On day nine of the Oklahoma teacher walkout, the Oklahoma Education Association held a press conference this afternoon to announce that classes will be resuming across the state and that educators “must turn our attention towards November.”
“We recognize that our formal efforts to lobby elected leaders have achieved all that we will be able to accomplish this legislative session,” OEA president Alicia Priest said in a statement she read to media. “Despite tens of thousands of people filling the Capitol and spilling out over the grounds for nine days, we have seen no significant legislative movement since last Friday.”
Priest said OEA members were able to secure almost half a billion dollars in new revenue over the past few weeks.
“The Legislature, however, has fallen well short of its responsibility to Oklahoma’s students,” Priest said in her statement. “As classes resume, we must turn our attention toward the election season. Instead of making our case at the steps of the Capitol, we have the opportunity to make our voices heard at the ballot box. The state didn’t find itself in this school funding crisis overnight. We got here by electing the wrong people to office.”
The OEA had been criticized by lawmakers — and teachers — for having an unclear set of demands that changed from day to day. At first, the organization asked for an expansion of tribal gaming and a bill allowing sales tax collection on third-party Amazon vendors. But minutes after those bills passed, Priest held a press conference listing two new goals that would end the walkout:
- Have Gov. Mary Fallin veto the repeal of a hotel-motel tax
- Have the Legislature pass the repeal of Oklahoma’s income tax deduction for capital gains revenues
Fallin signed the hotel-motel repeal, and House Republican leadership declined to hear the capital gains measure.
Treat: ‘I’ve gotten mixed messages’
Priest said Thursday that “Senate Republicans won’t budge an inch on any more revenue for public education.”
Senate Majority Floor Leader Greg Treat (R-OKC) spoke to media earlier in the day and said his caucus had raised all the revenue it planned on considering. He also expressed frustration over his recent meetings with OEA.
“I’ve gotten mixed messages,” Treat said of what the state’s largest teachers association sought to end the walkout. “They didn’t give me a solid number. There were three different numbers thrown out, and I didn’t hear a resting point on what the actual dollar amount was.
“I was frustrated by the lack of consistency with their request, although the meetings have been cordial.”
Treat spoke about hearing from teachers who were also confused about what it would take to end the walkout.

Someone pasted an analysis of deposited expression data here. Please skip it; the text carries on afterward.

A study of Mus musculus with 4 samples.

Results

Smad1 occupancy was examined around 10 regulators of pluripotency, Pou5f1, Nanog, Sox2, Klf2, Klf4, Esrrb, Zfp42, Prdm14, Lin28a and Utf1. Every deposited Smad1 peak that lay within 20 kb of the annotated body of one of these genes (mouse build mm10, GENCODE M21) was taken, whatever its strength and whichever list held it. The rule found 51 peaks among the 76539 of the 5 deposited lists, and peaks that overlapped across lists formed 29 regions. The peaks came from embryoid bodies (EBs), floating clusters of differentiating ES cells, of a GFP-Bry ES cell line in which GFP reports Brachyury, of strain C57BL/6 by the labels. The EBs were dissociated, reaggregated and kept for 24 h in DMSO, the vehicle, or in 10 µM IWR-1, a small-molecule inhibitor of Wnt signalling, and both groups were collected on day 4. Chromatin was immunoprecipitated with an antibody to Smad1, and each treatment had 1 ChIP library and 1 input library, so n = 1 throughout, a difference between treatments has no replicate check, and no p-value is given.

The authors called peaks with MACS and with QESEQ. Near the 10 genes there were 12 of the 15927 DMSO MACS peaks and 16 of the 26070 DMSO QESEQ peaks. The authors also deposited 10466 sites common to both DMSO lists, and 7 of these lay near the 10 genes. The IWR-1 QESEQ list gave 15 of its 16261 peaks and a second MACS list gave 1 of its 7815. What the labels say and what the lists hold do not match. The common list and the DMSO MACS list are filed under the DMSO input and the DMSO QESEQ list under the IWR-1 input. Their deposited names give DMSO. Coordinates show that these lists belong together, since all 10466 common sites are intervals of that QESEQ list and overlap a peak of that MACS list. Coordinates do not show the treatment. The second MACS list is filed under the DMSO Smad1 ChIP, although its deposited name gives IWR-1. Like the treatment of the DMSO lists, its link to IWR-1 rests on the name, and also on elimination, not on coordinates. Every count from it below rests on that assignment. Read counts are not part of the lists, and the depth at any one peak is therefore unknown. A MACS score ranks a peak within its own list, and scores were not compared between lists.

“I’ve heard it a myriad of times this week in meetings with teachers: ‘Hey, the OEA doesn’t represent me. Hey, the POE doesn’t represent me,'” Treat said. “To be honest, I don’t know if there’s one central person in charge of the whole teacher walkout. One of my frustrations has been that, if we are wanting to negotiate, if we are wanting to give assurances, who is the person to talk to? And I’ve yet to get an answer.”
Treat said the Senate would not be considering additional revenue measures.
“We’ve consistently said we’re not for more revenue discussions right now because we have already done $500 million (for education),” he said.
Background on the teacher walkout
Teachers from across Oklahoma shutdown schools starting Monday, April 2, to rally at the Capitol. Days earlier, the Legislature had passed a historic tax package and teacher pay raise plan that would result in a minimum $5,000 pay raise for public educators. Over ensuing days, several districts resumed classes, but the state’s largest remained out.
House Majority Leader Mike Sanders (R-Kingfisher) said educators should be worried about a potential referendum veto being spearheaded by a conservative organization headed by former U.S. Sen. Tom Coburn. If enough signatures are gathered, Oklahoma voters would be asked to approve or disapprove the Legislature’s tax package for education funding.
“Honestly, that’s probably my biggest concern,” Sanders said. “If that were to (get on the ballot), you’ve got to halt all of your (new revenue) monies that come in until that’s decided. If I were OEA, that would make me very wary.”
Priest echoed Sanders’ comments in her press conference.
This week, school districts in Bartlesville and Sand Springs resumed classes. Moore Public Schools announced it would return to classes Thursday, but many teachers called in sick and visited the Capitol again.
Earlier Thursday, Oklahoma City Public Schools announced it will remain closed Friday, but Norman Public Schools announced it will resume classes Monday.
Priest said it will be up to individual school districts as to when classes resume in their schools. Other education associations had yet to release statements on the subject as of the publication of this post.